Breaking the law

Multan hearing turns ugly between bar and bench

Breaking the law
Around 10am on July 24, Lahore High Court Bar Association Multan president Sher Zaman Qureshi and lawyer Syed Qaiser Abbas Kazmi were accused of misbehaving with Justice Muhammad Qasim Khan. Justice Khan was hearing the case of a mosque demolished by the Multan Development Authority for the Metro Bus Route.

When the hearing started, Justice Khan was offended by the lack of discipline in the lawyers. “He got upset at all the lawyers standing at the rostrum at the same time,” says Mohammed Aslam, a Multan High Court lawyer. “Justice Qasim Khan was also offended by the fact that the lawyers weren’t taking their turn to speak and [he] repeatedly told them not to speak over one another.”

Sher Zaman told Justice Khan that if the lawyers were being asked to leave and were insulted, he could not remain there either. He went on to leave the courtroom and the lawyers followed suit. They subsequently vandalised the court premises and damaged the nameplate at Justice Khan’s chambers.

By 2pm Chief Justice Mansoor Ali ordered the closure of the Multan Bench.

“The next day we convened a joint session of the District Bar and High Court bar, and we were assigned to draft a petition against the closure of the bench for the Supreme Court against Justice Mansoor Ali Shah under Articles 209 and 6 for violation of the Constitution,” says Ahmed Nadeem, another Multan High Court lawyer. Justice Mansoor Ali Shah then issued contempt notice to the president of the Multan high court bar association.

Following this, 24 bar associations of South Punjab, Lahore and the Supreme Court passed resolutions that said that Sher Zaman Qureshi should not appear in the Lahore High Court. “He had a case pending in the Supreme Court and only the bar council has the power to proceed against the president—the CJ has no authority to act against him,” says lawyer Ahmed Nadeem.

On Monday, August 21, when Sher Zaman Qureshi didn’t show up for the fourth summons in the LHC, a bench comprising Chief Justice Mansoor Ali Shah, Justice Anwarul Haq, Justice Mazahar Ali Akbar Naqvi, Justice Ameer Bhatti and Justice Shams Mahmood Mirza issued non-bailable arrest warrants for him. Lawyers supporting Qureshi then threw stones at law-enforcement officials, broke into an iron grille gate inside the court, and marched towards Justice Shah’s courtroom chanting slogans against him. They were stalled by anti-riot police using tear gas and water cannons. The clash ensured that Mall Road was choked throughout the day. At least 10 people, including seven lawyers, were injured and taken to Mayo Hospital.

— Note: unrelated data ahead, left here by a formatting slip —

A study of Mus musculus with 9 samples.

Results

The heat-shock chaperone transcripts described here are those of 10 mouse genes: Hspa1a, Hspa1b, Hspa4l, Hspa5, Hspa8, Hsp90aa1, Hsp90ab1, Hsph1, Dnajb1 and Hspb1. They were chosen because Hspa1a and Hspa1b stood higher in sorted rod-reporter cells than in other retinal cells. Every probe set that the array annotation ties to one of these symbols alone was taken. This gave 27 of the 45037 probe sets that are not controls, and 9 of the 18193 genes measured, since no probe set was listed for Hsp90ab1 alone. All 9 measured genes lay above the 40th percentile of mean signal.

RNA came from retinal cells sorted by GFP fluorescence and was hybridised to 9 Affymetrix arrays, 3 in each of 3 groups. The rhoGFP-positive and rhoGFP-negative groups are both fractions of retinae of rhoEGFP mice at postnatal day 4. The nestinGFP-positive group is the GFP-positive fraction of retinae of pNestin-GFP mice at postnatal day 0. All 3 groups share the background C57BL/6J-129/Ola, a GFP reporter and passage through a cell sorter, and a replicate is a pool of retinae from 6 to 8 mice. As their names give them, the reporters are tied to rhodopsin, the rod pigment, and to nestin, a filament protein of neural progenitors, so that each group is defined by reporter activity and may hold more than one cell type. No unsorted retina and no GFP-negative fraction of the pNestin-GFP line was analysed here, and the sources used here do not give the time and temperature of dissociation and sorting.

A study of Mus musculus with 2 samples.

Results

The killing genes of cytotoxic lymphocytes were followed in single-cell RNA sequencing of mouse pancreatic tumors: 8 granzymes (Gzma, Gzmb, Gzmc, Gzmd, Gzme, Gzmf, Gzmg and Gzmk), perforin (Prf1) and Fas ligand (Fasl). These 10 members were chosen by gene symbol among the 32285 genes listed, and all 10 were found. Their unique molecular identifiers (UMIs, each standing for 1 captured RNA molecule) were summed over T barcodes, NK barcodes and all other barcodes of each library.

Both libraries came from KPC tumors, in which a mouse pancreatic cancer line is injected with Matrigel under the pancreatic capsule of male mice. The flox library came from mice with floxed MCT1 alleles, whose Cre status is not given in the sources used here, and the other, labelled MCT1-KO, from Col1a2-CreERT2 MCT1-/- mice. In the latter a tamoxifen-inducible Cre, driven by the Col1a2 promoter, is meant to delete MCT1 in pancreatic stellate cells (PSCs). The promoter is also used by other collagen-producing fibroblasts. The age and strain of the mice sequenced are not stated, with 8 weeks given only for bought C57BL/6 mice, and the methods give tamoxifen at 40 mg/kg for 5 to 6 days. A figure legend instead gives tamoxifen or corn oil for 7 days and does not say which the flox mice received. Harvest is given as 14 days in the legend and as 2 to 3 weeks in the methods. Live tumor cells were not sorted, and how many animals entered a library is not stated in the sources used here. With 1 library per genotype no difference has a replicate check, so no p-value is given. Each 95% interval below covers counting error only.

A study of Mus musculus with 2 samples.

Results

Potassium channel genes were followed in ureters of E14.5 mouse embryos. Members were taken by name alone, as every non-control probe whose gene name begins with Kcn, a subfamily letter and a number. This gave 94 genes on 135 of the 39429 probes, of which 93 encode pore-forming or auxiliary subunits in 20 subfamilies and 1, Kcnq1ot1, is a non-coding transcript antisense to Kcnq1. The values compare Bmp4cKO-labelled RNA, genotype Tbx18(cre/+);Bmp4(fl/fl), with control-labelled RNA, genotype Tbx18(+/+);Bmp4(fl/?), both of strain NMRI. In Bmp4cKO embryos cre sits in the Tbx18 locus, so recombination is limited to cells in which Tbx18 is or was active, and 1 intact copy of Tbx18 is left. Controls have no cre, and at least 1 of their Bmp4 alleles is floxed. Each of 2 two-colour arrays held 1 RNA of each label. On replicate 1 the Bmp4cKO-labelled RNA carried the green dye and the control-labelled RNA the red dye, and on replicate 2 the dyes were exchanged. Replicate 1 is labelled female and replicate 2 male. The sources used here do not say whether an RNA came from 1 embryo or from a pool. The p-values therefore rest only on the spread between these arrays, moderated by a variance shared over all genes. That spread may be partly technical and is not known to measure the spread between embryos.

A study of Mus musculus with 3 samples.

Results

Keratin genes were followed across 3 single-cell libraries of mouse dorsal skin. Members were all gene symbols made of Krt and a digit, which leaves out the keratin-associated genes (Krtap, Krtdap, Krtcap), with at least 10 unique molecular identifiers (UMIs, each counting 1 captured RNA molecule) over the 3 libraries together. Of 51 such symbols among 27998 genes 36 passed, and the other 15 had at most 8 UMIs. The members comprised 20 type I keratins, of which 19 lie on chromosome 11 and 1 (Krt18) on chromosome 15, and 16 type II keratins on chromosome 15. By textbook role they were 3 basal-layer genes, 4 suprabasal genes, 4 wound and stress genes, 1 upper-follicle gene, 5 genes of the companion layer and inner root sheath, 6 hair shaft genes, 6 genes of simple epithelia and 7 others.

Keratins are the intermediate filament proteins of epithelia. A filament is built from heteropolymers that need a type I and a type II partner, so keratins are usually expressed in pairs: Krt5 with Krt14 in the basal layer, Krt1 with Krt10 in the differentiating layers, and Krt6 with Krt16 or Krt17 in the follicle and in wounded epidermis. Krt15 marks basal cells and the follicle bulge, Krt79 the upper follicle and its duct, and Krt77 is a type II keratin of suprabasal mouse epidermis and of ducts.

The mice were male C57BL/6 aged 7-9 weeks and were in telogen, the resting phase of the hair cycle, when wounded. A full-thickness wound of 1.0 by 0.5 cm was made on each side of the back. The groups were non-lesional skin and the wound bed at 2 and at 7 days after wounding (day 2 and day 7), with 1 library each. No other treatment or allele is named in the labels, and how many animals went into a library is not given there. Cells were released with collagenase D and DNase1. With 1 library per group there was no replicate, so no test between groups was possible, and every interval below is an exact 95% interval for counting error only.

“Minimum force was applied. The tear gas and water cannon only began once the gate was broken. If it hadn’t been used, then the lawyers would’ve entered the Chief Justice court,” says Punjab Law Minister Rana Sanaullah. “You can imagine what could’ve happened after that.” Citing the history of lawyers’ movements, Sanaullah says action against lawyers is always a risk for the government.

“Whenever action has been taken against lawyers there has been a backlash. Now the executive wing of the state has been reduced to such an extent that even the smallest of groups that can hire a lawyer can leave the administration helpless,” he maintains. “Apparently the rule of law is only for democratically elected leaders. Had the verdict been against an MNA or MPA the same people would’ve been rallying to throw them into jail as soon as possible.”

According to lawyer and journalist Sajid Khan, the confrontation with the police was inevitable. But it turned nasty when Lahore High Court Bar General Secretary Amir Saeed Raan was injured. The police were injured too, he added. “The lawyers battered the DSP on duty… We lawyers consider ourselves a pressure group, which we are,” he adds. “And we feel that since we’re lawyers, the law doesn’t apply to us.”

Other observers, such as Advocate Shoaib Saleem, who was inside the court that day, described it as a “clash of egos”. “The bench closure was unconstitutional, because it was a fight between two individuals. The bench wasn’t created for lawyers or judges, it was created for the public at large. Suspending the right of the masses’ cases to be heard was unconstitutional,” says Saleem. “Legally there is no excuse for anyone to not show up once summoned by a constitutional court.” He added a point about the relations between the bar and bench, saying that the CJP has both judicial and executive powers in this regard.